Pat's View: How much bandwidth do you have?
By Patrick Robinson
The term bandwidth, taken from technology refers to the maximum rate of data transfer across a given path.
But in common parlance it means how much information you can take in, consider and use.
For some, reading a book on advanced particle physics, with multiple equations on every page is easy. Some people can absorb that depth of detail and deal with interruptions, add the noise of family life, and the business of day to day events and feel completely in control.
But I think those people are relatively rare.
So in the age of a cellphone in every hand, with immediate access to an increasingly vast array of information, news, entertainment, work communications and personal conversations how much bandwidth do you have?
In 2021 a survey on phone use showed that nearly half of the respondents spent five to six hours a day on their phones. That’s roughly a third of your waking hours per day.
How do you value your own time? That’s actually a better question than it might seem on the surface.
So let’s start at the end. We all know we are going to die someday. Not to be morbid but it’s the truth. Our time here is limited.
Hence time is a resource, and using it wisely makes sense. If the average lifespan is now 72.6 years, and we assume a person in an industrialized nation will get a phone (or some such device) when they are around 11 years old, then that would mean a full 13.2 years of their life would be spent gazing into a tiny screen. Doesn’t that strike you as wrong?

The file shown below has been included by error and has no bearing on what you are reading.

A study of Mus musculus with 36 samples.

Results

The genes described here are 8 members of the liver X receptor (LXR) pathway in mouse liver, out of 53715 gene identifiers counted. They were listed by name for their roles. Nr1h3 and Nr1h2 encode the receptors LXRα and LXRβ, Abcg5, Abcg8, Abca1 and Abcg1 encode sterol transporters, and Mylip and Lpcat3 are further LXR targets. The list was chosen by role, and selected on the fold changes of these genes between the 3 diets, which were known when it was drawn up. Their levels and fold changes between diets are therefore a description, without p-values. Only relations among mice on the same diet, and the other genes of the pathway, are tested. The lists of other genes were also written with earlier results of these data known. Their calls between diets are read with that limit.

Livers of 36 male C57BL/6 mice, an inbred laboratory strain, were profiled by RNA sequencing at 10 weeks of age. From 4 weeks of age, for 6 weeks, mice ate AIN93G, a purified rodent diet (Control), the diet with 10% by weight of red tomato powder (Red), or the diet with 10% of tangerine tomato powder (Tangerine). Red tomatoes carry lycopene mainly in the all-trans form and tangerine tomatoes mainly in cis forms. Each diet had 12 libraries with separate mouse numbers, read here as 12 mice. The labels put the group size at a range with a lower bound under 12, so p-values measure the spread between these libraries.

How much time is left to enjoy a sunset, linger over a delicious dinner, watch a live play, read an illuminating story, or create something you and others might care about? How much time is left to walk the dog, take a walk in the woods, have a heart to heart conversation, help a neighbor, or visit a friend?
The texture and depth of our lives shouldn’t consist of arguments on social media, playing Candy Crush, being the 4,650th person at a concert to record it on video and then never watch it. It shouldn’t be so that we are lured into the tiny but meaningless adrenaline rush of a "breaking news" alert to tell us about a fire in a distant city or a car wreck in another town (or really even our own).
If you can’t see how much you are being manipulated, controlled, and used by people and companies whose goal is to monetize and monopolize your time then you are missing it. By missing it I mean living your authentic life. Not one viewed through the prism of a six inch screen and curated by people who only want to use you to make money.
Put the phone down. Let the battery run down. Go somewhere without it. Talk to people. View actual art. Take charge of your personal bandwidth.
Stop letting something else be what you focus on and live your life in person.